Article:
Good and Bad Cholesterol
You may be wondering what all the fuss is concerning good and bad cholesterol. Is good cholesterol actually good or is it merely a “not-so-bad” form of cholesterol that isn’t as harmful as bad cholesterol? It is actually the former. "Good" cholesterol has beneficial qualities and is not merely less "bad." Read on below to find out why.
Water solubility. The chemical structure of cholesterol makes it only minimally soluble in water (or blood). This causes a problem, which is solved by carriers called lipoproteins. As the name implies, lipoproteins contain both lipid and protein components. They are able to effectively ferry cholesterol from place to place in the body via the bloodstream.
This is where the misnomers “good” and “bad” cholesterol come in. Good cholesterol is actually referring to carrier proteins that ferry cholesterol away from the body.Conversely, bad cholesterol are carrier proteins that ferry cholesterol to the body.
Why LDL is bad cholesterol? In the exogenous pathway of lipid metabolism, large lipoproteins called chylomicrons shuttle dietary triglyceride fats (TGs) and cholesterol from absorbed intestines to the liver. In the endogenous pathway, TGs and cholesterol is then carried by very low-density lipoproteins (VLDL), intermediate-density lipoproteins (IDL) and low-density lipoproteins (LDL) from the liver to various parts of the body using the blood stream. Simply stated, these VLDLs and LDLs deposit fat to places in the body, including the blood vessels. This is the key to many of the problems caused by high levels of LDL. Deposition of fats can play a role in the hardening and narrowing of the lumen of a blood vessel. When the blood vessel is sufficiently occluded (or even totally blocked), neighboring organs and regions that rely on a consistent and fresh blood supply are affected. For example, when the blood supply to the heart (coronary arteries) is blocked, heart attacks can result. When the blood supply to the brain is blocked, strokes can occur. For all these reasons, LDL has come to be known as “bad cholesterol.”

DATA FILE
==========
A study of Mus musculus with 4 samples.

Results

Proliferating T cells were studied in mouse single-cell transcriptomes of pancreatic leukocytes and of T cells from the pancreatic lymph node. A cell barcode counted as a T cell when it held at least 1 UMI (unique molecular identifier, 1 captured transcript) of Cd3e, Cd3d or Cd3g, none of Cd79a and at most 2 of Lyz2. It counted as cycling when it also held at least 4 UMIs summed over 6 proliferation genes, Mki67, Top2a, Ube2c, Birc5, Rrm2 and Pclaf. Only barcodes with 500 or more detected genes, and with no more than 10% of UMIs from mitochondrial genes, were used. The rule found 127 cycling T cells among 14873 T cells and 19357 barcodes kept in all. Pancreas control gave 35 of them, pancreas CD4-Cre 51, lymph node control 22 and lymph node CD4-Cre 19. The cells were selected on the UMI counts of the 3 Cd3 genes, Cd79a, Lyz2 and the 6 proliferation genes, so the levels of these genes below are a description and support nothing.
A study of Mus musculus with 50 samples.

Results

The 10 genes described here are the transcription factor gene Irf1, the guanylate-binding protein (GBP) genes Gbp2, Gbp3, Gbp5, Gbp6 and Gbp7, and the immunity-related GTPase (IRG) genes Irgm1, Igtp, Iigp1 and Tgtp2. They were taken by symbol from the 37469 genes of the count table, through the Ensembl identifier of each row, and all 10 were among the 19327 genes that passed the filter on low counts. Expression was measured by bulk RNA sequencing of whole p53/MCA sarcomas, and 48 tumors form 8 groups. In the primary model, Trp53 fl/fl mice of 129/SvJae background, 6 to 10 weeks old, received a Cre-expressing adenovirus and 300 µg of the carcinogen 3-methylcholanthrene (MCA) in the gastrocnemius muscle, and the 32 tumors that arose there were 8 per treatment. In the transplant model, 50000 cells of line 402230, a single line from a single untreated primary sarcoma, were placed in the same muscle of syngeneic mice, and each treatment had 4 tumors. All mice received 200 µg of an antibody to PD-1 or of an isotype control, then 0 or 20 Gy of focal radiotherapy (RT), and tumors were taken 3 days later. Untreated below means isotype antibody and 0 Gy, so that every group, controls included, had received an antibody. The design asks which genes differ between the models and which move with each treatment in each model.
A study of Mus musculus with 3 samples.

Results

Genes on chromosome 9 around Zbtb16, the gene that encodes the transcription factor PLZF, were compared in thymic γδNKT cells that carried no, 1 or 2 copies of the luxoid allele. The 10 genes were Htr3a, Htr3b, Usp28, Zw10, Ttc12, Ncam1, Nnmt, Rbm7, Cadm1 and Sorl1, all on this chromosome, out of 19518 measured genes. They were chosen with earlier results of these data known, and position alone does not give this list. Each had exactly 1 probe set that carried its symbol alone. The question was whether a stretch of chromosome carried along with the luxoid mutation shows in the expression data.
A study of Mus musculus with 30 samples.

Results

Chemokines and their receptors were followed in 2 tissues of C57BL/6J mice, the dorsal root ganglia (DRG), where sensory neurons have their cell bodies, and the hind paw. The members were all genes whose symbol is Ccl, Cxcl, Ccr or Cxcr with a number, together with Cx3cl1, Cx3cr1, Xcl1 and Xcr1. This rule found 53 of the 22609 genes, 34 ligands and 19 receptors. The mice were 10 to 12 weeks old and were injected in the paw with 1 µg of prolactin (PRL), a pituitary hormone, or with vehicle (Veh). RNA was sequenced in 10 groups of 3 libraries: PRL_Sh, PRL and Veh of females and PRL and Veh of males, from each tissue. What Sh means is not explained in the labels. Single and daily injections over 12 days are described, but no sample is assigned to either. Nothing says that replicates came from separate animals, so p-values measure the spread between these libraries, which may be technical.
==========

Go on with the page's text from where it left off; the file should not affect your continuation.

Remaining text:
Why HDL is good cholesterol? High-density lipoproteins (HDL) transport TGs and cholesterol from the body back to the liver where elimination can occur. This includes shuttling fats from blood vessels. Since fatty buildup of cholesterol in the blood vessels causes many diseases, it has become clear that HDL acts to actively protect the body from disease by removing the cholesterol fat deposits on the body. This helpfulness has contributed to HDL being dubbed “good cholesterol.”
As you can see, the difference between good and bad cholesterol is a misnomer that has nothing to due with cholesterol. Cholesterol itself is structurally the same in HDL as it is in LDL. The difference between good and bad comes from the roles the carrier lipoproteins (HDL, LDL) play in transporting cholesterol to the body (bad) or from the body (good).